Coming out: Fiona Shaw with her elder daughter Eliza

When Fiona Shaw and her husband separated, each began a relationship with a same-sex partner. Here, she and her two daughters recall how they adapted to their new family life

Fiona: The break up of my marriage and my coming out seven years ago happened when my children were just into secondary school. None of this came out of the blue – but for my children this was the first time their parents had spoken about anything they might have sensed or guessed at. They had to take on explicitly these two different, but connected, things at the same moment.

During that time, I knew the hardest thing for my daughters was the fact of their parents splitting up, rather than us both having same-sex partners. It was a terrible time for every- one: for their father, for me, and for them. But there was another dimension to what I was telling them that most children whose parents split up don't have to deal with. I was aware that at the moment that I struggled to step out of a closet, I might be building one for them.

How would they deal with this at school? What would they, could they say to their friends? Would they be ridiculed, stigmatised, whispered about, worse? In the ruthless, take-no-hostages corridors of their secondary schools, this thing would be far harder to have known than their parents' breakup. Of course I knew other separated couples who had to tell their children they'd no longer be living together. But none of them had to say: "Well my child, the thing is, I'm straight."

I was keen to be honest with mine about the person I was close to. So I was explicit about my partner Karen being important to me from the start. But I didn't want to make their lives more difficult than they had to be, and for quite a time Karen and I were discreet about our relationship. I also spoke to their schools about this, because I was concerned that they didn't get bullied about it.

One person I did think about during that time was my beloved uncle, who had died, too young, in 2004, and who was the inspiration for a character in my latest novel. After the birth of his daughter, he lived as a gay man for the rest of his life.

He was a passionate and devoted father, and when I was growing up, I used to wonder how he and she had navigated this territory. Now I've lived through my own experience of the closet, I can see how complicated it can be.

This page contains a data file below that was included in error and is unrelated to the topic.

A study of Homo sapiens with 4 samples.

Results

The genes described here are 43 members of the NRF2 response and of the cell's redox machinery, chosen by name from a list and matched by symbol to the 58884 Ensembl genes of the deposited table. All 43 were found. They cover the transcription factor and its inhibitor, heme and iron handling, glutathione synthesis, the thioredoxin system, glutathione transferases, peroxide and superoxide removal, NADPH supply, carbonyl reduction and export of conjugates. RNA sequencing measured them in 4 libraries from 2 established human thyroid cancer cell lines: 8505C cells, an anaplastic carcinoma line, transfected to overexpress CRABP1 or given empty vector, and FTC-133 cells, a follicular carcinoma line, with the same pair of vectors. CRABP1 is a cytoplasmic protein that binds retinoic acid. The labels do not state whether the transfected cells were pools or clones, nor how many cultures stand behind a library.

Fiona Shaw's latest novel is 'A Stone's Throw' (Serpent's Tail, £11.99)

Jesse, 19:

Oddly, we were never directly told that our parents were moving into gay relationships. We were told that they were breaking up, but never explicitly that they were gay. We both certainly knew; I'm not sure how, but there was no question. Looking back, I can remember telling a slightly non-plussed friend that I thought Mum was in love with her friend, and Dad was in love with his. This was about a week before they told us that they were splitting up, I was about 12 at the time.

I was pretty passive throughout the break-up. For a while I thought I'd feel it later in life, maybe when Eliza was less upset over it; I think it's hard for families to hold too much fraught emotion at one time – people tend to balance each other out. Not living with both of my parents was very hard, all the usual divorce drama, but Mum being gay didn't upset me – truth be told, her sexuality was never an issue for me.

But I was a little nervous of making my parents' situation public knowledge at first. I told a couple of my closest friends, but I didn't mention it to most of them for months. I'm now not sure if I was waiting for the right time, or if I was scared of how they might react. Eventually I ended up doing it on the spur of the moment: I had a group of friends round for pizza, and Mum's partner was in the kitchen, making us the pizza but keeping out of our way, staying out of the picture.

When I realised what she was doing, I saw how ridiculous it was that I hadn't told them. I was fine with Mum's sexuality, and so my friends would have to be. I grabbed Karen's hand and introduced her to my friends. It was quite funny, there was a pause, and then they all started introducing themselves very quickly. Nowadays, I try to let people know as soon as possible, to avoid embarrassment for them later, and to see if they're OK with it. Nearly everyone is, and the few that aren't, aren't worth knowing.

Eliza, 21:

I took the news of Mum coming out very hard. I think it brought me suddenly face to face with my mum's identity, not as a parent but as a person.

The idea of my parents having a sexual identity outside of the assumed familial form felt humiliating for me, aged 14, and I found my own humiliation very hard to understand or bear. I think one part of me was ashamed and terrified that I might be homophobic, and it took time to realise that that wasn't it – I was terrified of having a family whose shape there was no category to describe.

I didn't know how to place any of us as a unit, or understand how I might fit into the new situation.

Many of my experiences, looking back, were similar to any child whose parents separate, but I think it was easier for me to focus on the stigma I saw so rigidly attached to being "different". I became painfully closeted about my family – something that Mum probably found hard at a time when she was just coming "out of the closet".

It took a long time for me to talk to my friends about my parents' homosexuality. When I did I found that people were overwhelmingly supportive, and were interested rather than judgemental. We have built up new rituals; with my parents' separate partners but also all together. We spend time as a six quite often. I often feel like we all have a lot to celebrate: we have built a sort of family; it took a lot of work and several years of chaos.